House cleaner finds man's long lost scratch off lottery ticket that wins him $1 million
| Last updated
Featured Image Credit: Massachusetts State Lottery / Melina Mara/The Washington Post via Getty Images
A house cleaner definitely deserves a raise after their discovery made the homeowner they were cleaning for a millionaire.
The unnamed cleaner in Massachusetts was attending to Khalil Soussa's property when they came across a scratch card dating back a few months.
But rather than pocket it (you were all thinking it too), they handed it in to Khalil, and it turned out to be a winning ticket.
It wasn't your usual $5 win either as it turned out, Khalil had a million dollars worth of winnings just sat in his home that he'd forgotten about.
The cleaner had found it in a vase in his home.
He opted to take a one-off payment as part of his winnings meaning that, after tax, Khalil took home an impressive $650,000.
In regards to what he plans on doing with all that cash, apparently Khalil plans on helping a friend and will also donate some to charity - there was no mention if his cleaner will be getting their Christmas bonus earlier though.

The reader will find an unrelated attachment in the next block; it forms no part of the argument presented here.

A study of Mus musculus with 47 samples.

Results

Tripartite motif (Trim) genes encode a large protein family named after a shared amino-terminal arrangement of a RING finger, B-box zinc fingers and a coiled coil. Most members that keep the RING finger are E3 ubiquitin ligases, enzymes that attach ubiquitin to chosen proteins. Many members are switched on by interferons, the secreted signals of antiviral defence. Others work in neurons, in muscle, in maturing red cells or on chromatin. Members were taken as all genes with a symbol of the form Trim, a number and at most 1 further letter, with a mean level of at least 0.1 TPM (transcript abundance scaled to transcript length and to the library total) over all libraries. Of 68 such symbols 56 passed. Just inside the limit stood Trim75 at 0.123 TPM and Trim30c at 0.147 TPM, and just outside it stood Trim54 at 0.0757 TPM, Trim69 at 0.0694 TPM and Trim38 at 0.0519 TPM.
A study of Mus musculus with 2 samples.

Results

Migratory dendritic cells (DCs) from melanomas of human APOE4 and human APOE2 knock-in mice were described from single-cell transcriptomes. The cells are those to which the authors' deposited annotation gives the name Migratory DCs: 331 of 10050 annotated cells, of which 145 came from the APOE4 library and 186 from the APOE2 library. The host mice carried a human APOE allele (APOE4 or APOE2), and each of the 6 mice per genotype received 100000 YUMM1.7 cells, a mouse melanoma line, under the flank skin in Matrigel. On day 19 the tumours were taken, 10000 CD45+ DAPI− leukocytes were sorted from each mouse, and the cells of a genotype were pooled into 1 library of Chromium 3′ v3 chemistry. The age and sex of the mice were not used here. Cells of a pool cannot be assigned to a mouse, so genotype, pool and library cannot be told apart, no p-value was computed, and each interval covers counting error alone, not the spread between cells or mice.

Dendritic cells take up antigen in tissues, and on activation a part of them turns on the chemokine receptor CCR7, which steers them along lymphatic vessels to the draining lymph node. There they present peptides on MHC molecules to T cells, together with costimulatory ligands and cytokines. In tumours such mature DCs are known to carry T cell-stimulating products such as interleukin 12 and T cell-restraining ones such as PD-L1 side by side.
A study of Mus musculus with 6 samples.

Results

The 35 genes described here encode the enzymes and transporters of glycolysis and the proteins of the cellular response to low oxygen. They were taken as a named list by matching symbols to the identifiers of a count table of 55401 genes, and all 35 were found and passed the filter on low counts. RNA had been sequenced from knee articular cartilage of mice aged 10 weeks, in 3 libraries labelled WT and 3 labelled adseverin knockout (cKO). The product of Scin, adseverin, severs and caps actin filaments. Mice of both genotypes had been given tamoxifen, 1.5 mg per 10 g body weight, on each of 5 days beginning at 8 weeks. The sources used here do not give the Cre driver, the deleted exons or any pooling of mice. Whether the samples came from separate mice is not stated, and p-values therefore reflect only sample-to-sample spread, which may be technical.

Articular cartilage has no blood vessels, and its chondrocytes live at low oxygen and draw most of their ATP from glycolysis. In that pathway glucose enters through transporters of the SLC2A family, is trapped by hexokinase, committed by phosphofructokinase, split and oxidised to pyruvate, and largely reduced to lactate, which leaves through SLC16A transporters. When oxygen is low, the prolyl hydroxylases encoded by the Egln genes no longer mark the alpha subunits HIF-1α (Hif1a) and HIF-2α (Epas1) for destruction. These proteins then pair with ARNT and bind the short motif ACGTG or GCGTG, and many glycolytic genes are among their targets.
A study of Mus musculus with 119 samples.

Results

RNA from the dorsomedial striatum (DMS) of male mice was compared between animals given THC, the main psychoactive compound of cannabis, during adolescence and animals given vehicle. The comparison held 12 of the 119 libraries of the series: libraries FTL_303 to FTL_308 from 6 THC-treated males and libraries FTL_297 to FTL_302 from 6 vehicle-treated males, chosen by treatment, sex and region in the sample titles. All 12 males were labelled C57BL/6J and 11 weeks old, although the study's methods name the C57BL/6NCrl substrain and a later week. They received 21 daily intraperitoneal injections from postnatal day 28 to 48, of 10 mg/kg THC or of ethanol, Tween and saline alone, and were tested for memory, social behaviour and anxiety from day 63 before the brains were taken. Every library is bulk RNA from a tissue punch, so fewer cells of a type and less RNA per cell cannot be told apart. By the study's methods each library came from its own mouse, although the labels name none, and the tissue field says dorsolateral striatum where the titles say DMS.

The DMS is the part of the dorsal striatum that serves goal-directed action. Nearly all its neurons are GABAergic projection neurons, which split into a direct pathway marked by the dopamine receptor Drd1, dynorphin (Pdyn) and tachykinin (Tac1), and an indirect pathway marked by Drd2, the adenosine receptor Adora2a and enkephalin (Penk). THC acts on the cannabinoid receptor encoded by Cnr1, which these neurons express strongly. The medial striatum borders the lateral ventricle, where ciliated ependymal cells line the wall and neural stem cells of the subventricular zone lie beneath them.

Another person who hit the jackpot of late is Florida-based Gary Thomas.
Gary purchased a $5 lottery ticket at Lotto Discount Liquor in Campbellton and went on to win a huge cash prize.
His winning ticket gave him the option to have $150,000 a year for the rest of his life or receiving a one-off lump sum off $2,440,000.
Gary opted for the lump sum option and said he 'couldn't believe' that he'd won.
The store who sold the ticket to Gary also get to bask in his glory as they're set to receive a $4,000 bonus commission for selling the winning ticket.
Gary didn't disclose how he plans on spending his cash, but he definitely shouldn't take a leaf out of Edwin Castro's book.
Edwin became an overnight billionaire when he won the $2.04 billion Powerball lottery in 2022.
Like Khalil and Gary, Edwin opted for the lump sum as well, and went on to buy multimillion dollar homes.
But Emily Irwin, managing director of advice and planning at Wells Fargo’s Wealth & Investment Management, says making huge purchases like Edwin isn't the way forward.
"Don’t make any visible life changes. Don’t quit your job, don’t go out and buy a Ferrari, don’t buy a mansion," she said to Fortune.
"Maybe you have student loans you want to pay off, that makes sense. But try to avoid that mega-purchase."